United Way of Southeast Missouri recently acquired a grant from the DeltaCorps Regional Authority for the new program Read to Excel, an extension of the Read to Succeed Program in Cape Girardeau Public Schools. KRCU’s Marissanne Lewis-Thompson spoke with Elizabeth Shelton, the Executive Director of United Way of Southeast Missouri about it.
Lewis-Thompson: Before we get into the Read to Excel program, I want to talk a little about its predecessor, the Read to Succeed program, which came about in 2011. For those that aren’t aware of it, what is this program and how does it work?
Shelton: Read to Succeed is actually modeled after a program that was started in New York and was brought back here and was tried first in Blanchard Elementary for one year, and then thanks to AmeriCorps funding, United Way was able to expand that into all of the Cape Girardeau Elementary schools in 2012. And it's simply a reading program that is volunteer driven that encourages kindergartners and first graders along the path of reading. It's not designed for remedial readers or children who are struggling with reading. It's designed for average readers, who might need just a little bit of encouragement and assistance to make sure that they are excited about and mastering this critical skill.
Lewis-Thompson: It’s been 6 years since the “Read to Succeed” program launched in Cape Girardeau. How effective has it been?
Shelton: We have been so pleased with this program. First, we get a lot of comments from parents who are telling us just what kind of progress they have seen their child make thanks to Read to Succeed. And we have them tell us that years later they are now avid readers and they really give a lot of credit to this program and to the volunteers who make it happen. This year we finally have some data actually that is helping. We've been collecting data all along, but it's very hard to test a kindergartner on where they are in their reading skills early on. So the data is not always black and white for us. But all of the children do progress and we are able to chart that progression. But this year when we were applying for this grant for the Read to Excel program, we pulled together data and we realized that the students who are the strongest readers now in the Cape Girardeau Public Schools are the students who benefited from Read to Succeed when it rolled out in 2012 in all of the elementary schools. And they have the highest reading proficiency rates of any of their cohorts.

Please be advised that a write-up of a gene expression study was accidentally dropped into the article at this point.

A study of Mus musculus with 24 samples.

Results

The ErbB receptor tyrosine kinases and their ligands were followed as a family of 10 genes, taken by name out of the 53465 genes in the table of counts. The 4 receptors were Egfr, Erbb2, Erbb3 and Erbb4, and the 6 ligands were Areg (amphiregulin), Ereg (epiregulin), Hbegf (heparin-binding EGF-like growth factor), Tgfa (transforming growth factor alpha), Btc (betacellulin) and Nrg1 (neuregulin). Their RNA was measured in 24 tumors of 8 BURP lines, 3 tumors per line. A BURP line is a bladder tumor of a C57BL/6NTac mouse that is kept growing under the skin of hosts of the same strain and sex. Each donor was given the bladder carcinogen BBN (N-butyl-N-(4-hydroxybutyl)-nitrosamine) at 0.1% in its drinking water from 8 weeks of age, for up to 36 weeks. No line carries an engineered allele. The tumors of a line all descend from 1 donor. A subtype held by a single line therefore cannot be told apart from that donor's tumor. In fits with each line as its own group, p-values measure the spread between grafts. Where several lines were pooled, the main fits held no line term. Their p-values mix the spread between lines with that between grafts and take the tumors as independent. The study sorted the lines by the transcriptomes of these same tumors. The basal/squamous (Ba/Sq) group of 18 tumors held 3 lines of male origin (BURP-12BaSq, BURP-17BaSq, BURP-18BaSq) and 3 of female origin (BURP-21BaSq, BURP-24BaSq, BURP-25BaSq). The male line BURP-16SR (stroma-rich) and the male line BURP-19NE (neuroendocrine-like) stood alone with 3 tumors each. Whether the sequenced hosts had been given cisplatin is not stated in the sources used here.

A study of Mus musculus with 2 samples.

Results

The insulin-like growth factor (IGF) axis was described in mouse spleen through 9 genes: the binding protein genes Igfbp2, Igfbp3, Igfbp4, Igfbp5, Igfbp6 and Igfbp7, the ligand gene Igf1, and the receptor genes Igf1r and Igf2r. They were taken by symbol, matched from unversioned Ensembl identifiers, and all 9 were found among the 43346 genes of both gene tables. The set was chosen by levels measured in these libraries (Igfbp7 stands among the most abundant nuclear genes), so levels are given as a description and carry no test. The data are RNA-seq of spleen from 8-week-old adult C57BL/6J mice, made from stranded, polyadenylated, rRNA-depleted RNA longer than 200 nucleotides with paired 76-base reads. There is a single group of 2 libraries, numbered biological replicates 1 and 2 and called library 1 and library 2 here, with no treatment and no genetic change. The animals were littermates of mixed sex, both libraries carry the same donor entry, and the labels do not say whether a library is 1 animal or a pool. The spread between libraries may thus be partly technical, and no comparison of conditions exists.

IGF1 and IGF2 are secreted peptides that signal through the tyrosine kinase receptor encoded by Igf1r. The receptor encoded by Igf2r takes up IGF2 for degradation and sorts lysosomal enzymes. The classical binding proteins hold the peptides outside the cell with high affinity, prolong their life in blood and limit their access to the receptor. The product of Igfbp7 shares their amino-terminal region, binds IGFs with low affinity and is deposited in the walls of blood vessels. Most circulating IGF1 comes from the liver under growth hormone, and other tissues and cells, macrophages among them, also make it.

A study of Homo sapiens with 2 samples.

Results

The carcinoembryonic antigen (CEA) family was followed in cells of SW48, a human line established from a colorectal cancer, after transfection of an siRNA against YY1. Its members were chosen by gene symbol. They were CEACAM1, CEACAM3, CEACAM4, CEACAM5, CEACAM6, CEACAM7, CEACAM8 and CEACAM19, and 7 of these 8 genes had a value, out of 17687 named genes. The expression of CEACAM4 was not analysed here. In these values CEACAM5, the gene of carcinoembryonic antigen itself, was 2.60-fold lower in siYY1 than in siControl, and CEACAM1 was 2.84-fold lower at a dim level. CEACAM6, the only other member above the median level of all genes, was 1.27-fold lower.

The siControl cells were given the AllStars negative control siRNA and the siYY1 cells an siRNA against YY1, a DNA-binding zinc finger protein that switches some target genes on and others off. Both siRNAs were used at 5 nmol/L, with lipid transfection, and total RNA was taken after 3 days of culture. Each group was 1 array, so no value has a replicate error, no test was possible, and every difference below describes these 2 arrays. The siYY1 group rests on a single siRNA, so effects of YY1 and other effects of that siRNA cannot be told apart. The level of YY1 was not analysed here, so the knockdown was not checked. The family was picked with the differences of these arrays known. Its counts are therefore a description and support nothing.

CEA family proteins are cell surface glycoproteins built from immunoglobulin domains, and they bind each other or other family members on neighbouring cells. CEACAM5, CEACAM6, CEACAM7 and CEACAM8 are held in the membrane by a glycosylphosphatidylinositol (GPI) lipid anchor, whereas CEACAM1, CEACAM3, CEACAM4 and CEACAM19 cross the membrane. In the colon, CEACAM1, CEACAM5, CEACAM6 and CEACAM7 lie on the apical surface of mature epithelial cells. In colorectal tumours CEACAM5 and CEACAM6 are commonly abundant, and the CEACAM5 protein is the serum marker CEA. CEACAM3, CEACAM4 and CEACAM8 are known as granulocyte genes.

Lewis-Thompson: What is the Read to Excel program and how does it differ from Read to Succeed?
Shelton: Well we were asked by a number of the parents and teachers and principals in the schools where we're going if we could expand Read to Succeed, which really just focuses on those early readers in kindergarten and first grade. And we did not have the funding to be able to do that. Not to mention the volunteer base. Because we are very dependent on our wonderful volunteers who go into the schools for Read to Succeed. So we saw this opportunity through DeltaCorps, which is a division of AmeriCorps. And it worked in our favor that Read to Succeed was able to go into all of the elementary schools in 2012, because of an AmeriCorps grant. So we already had a proven track record. And for those who aren't familiar with AmeriCorps, it's like a domestic Peace Corps. And DeltaCorps is just focused on the Delta corridor. So we saw that we could apply for this, but unlike the Read to Succeed grant, what we're getting is not funding. We are getting two people to come help launch this program, who will be putting in full-time hours. They are not United Way employees and they are not being paid out of our budget...So Read to Excel will expand this reading program into grades 2-6. So we will still have someone going into the elementary schools. And then we will also have someone going into Central Middle School for 5th and 6th grades to help those students, but unlike Read to Succeed this program is designed to help the struggling reader. We have too many students who are not reading at grade level that really need some help. And we're excited that we're going to be able to try this for this year thanks to this DeltaCorps grant.
Lewis-Thompson: Will certain students be chosen from specific classrooms if teachers recommend that they might have struggles with reading or is it something that parents would have to do?
Shelton: Like Read to Succeed our teachers will be identifying the students that they believe will perform best in this program and need it the most. So with Read to Succeed we do have some testing that we're able to use. And we can use some of those test scores to also help identify students, and that may be applied for Read to Excel but we also are like I said very dependent on input from the teachers to be able to tell us that these students really need some extra help.
The Read to Excel program is expected to start next school year.